Virtual Meetings

3 Tips to Run Productive Virtual Meetings


Looking around at our Zoom backgrounds and home desks, content marketers are starting to wonder if virtual meetings are still useful tools, or are all of those "this meeting should have been an email" coffee mugs right?

It turns out they're still reliable if you plan correctly.

"You can actually get things done, but as Julius Caesar found out, meetings can get out of control because other people bring their own agendas to the meeting like Brutus did," says Mercedes Cardona, a New York-based editorial consultant and founder of Commerce and Reads. "There's a time and a place for meetings, and we just have to know how to make the most of them."

In her session at Managing Editor Live 2020, she explained three things you can do so that your next meeting avoids its own Brutus situation.

Have a Specific Purpose for Every Virtual Meeting

More than one-third of workers will go to a meeting that isn't useful to them just because they don't want to decline the invite. For creators, that's often because you feel the need to raise your hand and remind people what you're doing.

"So, my first piece of advice is: don't do it for the face time. It's very tempting, especially if you are a single editorial person in an organization," Mercedes says, "and you want people to know what it is that you're doing, that you are bringing that value-add."

Instead, content marketers can demonstrate their value to a client, project, or company leadership with regular updates. Short virtual meetings focusing specifically on content updates demonstrate value by achieving a goal and addressing the project checklist. If clients ask for many meetings, consider showing them how much they cost and the time taken away from finishing a project.

Create a Useful Agenda

Meetings guarantee you get someone's attention for a brief time, so the chief goal is to use it for something meaningful. It's even more critical now that much of our work has moved to emails and, for most, you can't walk down to someone's desk to talk with them. Virtual meetings demand a little more focus to provide value, and Mercedes says a clear agenda delivers this immediately.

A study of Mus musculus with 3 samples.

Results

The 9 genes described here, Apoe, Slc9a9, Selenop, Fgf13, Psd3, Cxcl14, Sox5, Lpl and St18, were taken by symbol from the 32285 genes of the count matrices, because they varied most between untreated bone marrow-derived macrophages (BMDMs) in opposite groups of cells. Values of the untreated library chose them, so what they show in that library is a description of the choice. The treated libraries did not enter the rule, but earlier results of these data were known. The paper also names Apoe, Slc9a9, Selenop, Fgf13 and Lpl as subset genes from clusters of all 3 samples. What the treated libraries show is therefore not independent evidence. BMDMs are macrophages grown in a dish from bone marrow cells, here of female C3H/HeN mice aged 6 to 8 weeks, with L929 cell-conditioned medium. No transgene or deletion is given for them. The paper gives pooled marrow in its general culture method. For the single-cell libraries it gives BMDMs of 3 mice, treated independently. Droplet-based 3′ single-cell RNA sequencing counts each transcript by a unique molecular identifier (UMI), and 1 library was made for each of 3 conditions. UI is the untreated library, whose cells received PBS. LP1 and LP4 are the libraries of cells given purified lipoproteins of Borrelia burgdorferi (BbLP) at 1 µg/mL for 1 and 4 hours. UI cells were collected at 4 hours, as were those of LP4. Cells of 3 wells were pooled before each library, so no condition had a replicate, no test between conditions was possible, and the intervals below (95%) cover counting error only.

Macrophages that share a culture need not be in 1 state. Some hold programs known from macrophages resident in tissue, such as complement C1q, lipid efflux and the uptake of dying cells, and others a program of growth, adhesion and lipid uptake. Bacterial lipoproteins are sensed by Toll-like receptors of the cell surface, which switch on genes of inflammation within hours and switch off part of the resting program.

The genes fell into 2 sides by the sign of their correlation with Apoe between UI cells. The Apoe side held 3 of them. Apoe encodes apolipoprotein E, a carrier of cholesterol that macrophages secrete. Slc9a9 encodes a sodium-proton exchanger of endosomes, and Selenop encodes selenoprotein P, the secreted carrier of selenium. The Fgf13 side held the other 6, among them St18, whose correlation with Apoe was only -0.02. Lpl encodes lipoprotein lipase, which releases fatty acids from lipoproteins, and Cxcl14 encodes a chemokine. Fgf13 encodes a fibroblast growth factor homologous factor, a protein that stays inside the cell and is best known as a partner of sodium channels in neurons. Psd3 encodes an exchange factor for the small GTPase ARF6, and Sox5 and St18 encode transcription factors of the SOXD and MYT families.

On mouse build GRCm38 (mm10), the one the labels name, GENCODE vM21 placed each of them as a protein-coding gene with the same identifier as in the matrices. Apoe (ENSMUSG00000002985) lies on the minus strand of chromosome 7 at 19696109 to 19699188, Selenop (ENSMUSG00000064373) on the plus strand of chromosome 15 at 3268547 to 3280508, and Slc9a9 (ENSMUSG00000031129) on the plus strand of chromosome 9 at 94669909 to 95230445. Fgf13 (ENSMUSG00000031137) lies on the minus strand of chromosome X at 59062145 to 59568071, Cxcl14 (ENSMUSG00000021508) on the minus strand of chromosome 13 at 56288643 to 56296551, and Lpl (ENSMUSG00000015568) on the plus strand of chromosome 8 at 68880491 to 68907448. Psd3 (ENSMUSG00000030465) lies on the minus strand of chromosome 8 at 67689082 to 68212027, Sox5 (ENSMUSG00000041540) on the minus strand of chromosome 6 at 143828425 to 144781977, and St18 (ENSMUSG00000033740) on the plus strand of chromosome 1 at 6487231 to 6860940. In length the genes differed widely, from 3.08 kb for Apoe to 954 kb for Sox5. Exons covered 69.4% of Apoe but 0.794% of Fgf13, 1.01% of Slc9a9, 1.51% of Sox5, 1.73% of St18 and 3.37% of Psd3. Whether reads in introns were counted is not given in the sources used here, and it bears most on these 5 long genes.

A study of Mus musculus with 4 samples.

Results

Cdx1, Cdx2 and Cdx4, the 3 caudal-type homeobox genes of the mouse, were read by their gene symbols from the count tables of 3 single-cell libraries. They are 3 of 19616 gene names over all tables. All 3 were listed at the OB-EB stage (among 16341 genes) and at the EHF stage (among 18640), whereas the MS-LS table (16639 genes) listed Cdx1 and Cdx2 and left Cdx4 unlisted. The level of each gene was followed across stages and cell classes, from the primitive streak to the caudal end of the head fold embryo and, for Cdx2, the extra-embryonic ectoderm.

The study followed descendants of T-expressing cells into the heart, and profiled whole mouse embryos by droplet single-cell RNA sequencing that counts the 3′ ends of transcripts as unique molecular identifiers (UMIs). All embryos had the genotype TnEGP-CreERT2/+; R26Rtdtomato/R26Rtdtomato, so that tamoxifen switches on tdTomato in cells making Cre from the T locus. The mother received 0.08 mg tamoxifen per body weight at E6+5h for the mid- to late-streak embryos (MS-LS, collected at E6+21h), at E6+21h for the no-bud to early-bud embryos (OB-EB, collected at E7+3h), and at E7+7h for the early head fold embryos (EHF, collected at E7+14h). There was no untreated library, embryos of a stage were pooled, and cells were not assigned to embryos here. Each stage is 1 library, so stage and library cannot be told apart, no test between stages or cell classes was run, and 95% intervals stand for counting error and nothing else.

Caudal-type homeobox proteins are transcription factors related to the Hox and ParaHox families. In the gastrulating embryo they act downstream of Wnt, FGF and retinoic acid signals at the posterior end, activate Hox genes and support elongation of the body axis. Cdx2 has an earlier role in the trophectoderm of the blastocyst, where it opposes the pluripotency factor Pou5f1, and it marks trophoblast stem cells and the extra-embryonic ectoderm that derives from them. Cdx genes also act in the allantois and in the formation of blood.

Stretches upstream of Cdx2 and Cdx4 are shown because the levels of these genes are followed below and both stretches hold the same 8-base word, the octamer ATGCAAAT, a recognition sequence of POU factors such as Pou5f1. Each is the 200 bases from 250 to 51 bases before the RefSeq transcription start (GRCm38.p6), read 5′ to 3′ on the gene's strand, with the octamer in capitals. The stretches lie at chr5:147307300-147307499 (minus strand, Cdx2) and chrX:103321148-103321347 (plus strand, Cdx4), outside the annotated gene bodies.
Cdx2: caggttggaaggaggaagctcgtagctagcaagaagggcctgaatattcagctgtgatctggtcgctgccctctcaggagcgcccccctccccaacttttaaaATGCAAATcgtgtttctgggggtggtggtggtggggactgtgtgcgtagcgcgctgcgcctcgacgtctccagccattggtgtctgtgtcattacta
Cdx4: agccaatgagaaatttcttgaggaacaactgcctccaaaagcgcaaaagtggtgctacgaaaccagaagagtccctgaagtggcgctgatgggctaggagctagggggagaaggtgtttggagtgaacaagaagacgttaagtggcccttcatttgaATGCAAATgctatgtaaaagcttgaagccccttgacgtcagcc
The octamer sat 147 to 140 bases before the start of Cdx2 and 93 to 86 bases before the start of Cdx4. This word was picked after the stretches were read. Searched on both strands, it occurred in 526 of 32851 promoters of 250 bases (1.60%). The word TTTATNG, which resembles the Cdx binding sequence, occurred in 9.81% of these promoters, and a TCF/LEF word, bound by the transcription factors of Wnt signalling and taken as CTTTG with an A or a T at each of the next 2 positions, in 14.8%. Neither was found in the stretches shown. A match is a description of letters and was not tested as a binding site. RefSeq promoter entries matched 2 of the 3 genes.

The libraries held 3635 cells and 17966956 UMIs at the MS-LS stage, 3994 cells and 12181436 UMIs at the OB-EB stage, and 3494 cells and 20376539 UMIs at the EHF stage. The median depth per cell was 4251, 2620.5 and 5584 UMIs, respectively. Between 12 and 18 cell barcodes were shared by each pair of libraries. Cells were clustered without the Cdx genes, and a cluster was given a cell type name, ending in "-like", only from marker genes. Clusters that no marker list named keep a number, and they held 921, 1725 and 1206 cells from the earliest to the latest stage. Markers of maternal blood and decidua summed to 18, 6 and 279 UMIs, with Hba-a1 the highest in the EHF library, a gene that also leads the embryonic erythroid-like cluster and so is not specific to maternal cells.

"You can correct for a lot of these sort of airy fairy-ness of virtual meetings if you have a little discipline. First of all, ask yourself, why are we having this meeting? What are we trying to achieve?"

Set a clear goal and remove anything that isn't relevant or actionable. Then, workshop it.

Minimize the Guest List

The agenda should help you narrow down the list of attendees. Share it with people on the project to see who is needed, who has something to add, and who isn't involved.

"Give people the chance to opt out," Mercedes says. "You will be very beloved if you simply say to people, 'It's okay. If you got nothing, just email me when you do have something. I'll let you know what happens at the meeting.' That alone would improve morale."

The attendee list should also depend on the meeting's activities. Big announcements need a whole team, but precise tasks often work better in smaller groups. Specific to content creators, she had a great piece of advice: "A good rule of thumb is never brainstorm with more people than you'd have around a dinner table."

Finish with Next Steps

When virtual meetings have a purpose, clear agenda, and the right people, they can accomplish a lot. By the end, your goal should be to achieve something specific or create a list of next steps. It ensures that people leave the meeting knowing what they have to do next and helps you get them excited to take those actions.

"The moral of the story is, don't use meetings to supervise or punish people," says Mercedes. After you've set what needs to happen next, "try ending in up note. Tell a joke, put some music on, pump them up for the next stage, because the worst thing you can do is send them out the door feeling either overwhelmed or that they just wasted their time."

Her final warning: Don't be Julius Caesar. He ran a lousy meeting and didn't see it coming. Et tu, Brute?

Watch Mercedes’ full session here.

Geoff Whiting is a writer and content strategist at Whiting Communications, specializing in workforce development and enterprise technology. Outside of the office, he can be found toying with the latest in supply chain software, searching for classic radio broadcast recordings, and playing the perpetual tourist in the Washington D.C. metro.